Time and time again, we've seen the so-called "innocent borrower" -- the borrower who had NO IDEA that their adjustable rate mortgage could adjust, had no idea that a 1.5 percent interest rate wasn't what they'd be paying for 30 years, had no idea that their home could lose so much in value. Such borrowers are regularly trotted out for us to see, as proof of the need we have to put a stop to the foreclosures. The latest example is one Luis Flores, per Bloomberg. Here's the lede:
For almost a year, Luis Flores has been lobbying mortgage lender IndyMac Federal Bank FSB to cut his house payments. They have doubled since he refinanced his home loan in 2005 and he can't afford them, Flores says. "Every time I call them they say they can't help,"said Flores, 31, a graphic designer and bartender in Contra Costa County, California, where one in every 146 homes is in foreclosure. "They tell you the solution is that they take Visa or MasterCard." Now Flores has a new ally: the Antioch, California-based Contra Costa Interfaith Supporting Community Organization, one of a growing number of religious and community groups pushing lenders to renegotiate troubled loans so owners can stay in their homes.
And why won't big, bad IndyMac -- even the IndyMac now run by the FDIC -- help? Those pesky details are relegated to later in the story, lest they ruin a great opening about the plight of the borrower:
Flores refinanced his mortgage through IndyMac, the Pasadena, California-based company that was seized by the FDIC in July. Two months after his loan was issued near the end of 2005, it adjusted from 1.5 percent interest to about 9 percent, Flores said. That lifted his monthly payment to $3,700 from $1,700 and covered only the interest. He said his home is worth $255,000 today and he owes about $480,000. "I want a payment that I can afford, and I want to feel like I'm making payments toward the house," said Flores. He's told the bank in e-mails and phone calls that he can pay $2,300 to $2,500 a month, he said.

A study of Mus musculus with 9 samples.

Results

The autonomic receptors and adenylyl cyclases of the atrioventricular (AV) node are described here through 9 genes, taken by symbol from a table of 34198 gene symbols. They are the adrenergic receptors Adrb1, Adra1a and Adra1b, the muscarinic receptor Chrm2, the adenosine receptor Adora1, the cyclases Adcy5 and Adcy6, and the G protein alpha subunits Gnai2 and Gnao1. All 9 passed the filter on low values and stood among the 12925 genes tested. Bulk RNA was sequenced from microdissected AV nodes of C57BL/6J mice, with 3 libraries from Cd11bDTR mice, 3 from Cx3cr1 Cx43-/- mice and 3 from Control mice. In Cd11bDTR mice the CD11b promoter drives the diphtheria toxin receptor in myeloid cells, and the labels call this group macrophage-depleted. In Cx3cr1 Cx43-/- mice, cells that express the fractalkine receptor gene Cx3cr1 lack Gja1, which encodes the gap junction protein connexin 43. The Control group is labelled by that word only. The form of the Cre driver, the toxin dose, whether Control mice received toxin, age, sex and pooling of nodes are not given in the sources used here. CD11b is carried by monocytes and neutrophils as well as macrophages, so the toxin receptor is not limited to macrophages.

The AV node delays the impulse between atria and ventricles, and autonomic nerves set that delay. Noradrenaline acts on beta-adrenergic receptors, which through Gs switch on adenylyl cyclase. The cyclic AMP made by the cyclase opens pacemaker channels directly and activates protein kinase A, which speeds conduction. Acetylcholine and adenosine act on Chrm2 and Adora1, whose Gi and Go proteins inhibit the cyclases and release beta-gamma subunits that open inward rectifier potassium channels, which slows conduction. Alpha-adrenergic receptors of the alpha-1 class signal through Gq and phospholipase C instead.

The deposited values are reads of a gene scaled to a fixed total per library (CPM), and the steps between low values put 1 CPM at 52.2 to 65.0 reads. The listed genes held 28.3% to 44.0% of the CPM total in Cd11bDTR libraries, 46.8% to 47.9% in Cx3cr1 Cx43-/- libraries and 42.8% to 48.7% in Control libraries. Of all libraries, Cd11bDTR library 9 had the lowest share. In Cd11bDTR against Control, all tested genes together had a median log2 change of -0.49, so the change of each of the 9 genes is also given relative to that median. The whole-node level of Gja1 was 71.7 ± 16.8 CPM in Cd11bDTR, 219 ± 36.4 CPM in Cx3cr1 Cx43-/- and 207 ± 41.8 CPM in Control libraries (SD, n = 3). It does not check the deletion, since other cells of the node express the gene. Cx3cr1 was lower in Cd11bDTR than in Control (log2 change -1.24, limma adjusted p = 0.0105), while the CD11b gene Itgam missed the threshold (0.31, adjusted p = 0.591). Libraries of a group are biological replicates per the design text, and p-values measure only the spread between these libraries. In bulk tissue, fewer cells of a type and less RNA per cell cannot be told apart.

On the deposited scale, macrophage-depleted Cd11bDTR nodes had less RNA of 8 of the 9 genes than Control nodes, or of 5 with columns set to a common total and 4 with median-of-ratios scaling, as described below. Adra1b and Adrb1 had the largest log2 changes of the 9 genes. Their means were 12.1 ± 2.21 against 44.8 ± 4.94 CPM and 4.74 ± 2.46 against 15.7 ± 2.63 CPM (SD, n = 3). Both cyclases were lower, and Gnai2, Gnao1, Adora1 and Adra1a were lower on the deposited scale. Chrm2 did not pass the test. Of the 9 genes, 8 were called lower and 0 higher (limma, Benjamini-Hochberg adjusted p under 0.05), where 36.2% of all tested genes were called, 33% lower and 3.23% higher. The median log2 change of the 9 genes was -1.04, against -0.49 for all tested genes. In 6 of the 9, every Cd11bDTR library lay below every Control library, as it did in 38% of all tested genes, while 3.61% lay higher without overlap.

So the dude took out a $480,000 interest-only loan with a two-month teaser at 1.5 percent at the end of 2005 -- on a refinancing effort. His timing was clearly as horrible as they come. While we don't know the details of his refinancing, I'd hazard a guess he wanted to pull some of that cash out of his home ATM. Maybe he got a nice new truck. Or a waterski. And while we can bicker about how a guy who moonlights as a bartender was likely qualified at the teaser rate -- which he never should have been -- he's now in a situation where he has been performing on his note for roughly two years or longer. Yet he really only began complaining about his note one year ago, per the start of the story -- which means he spent the better part of a year performing as agreed. We don't hear in the story that he's lost a job or that his own financial situation has somehow changed, only that he's spent a year calling his servicer while continuing to perform on the note. The real kicker here, of course, is that he's seen his property value fall from $480,000 to $255,000 -- and he can't refinance his way out of a paper bag at this point. Flores now wants the bank to take the $225,000 hit on his loan, while he gets to stay in the home. It's ironic, don't you think, that we have to hear people complain about how only Wall Street wants to socialize losses?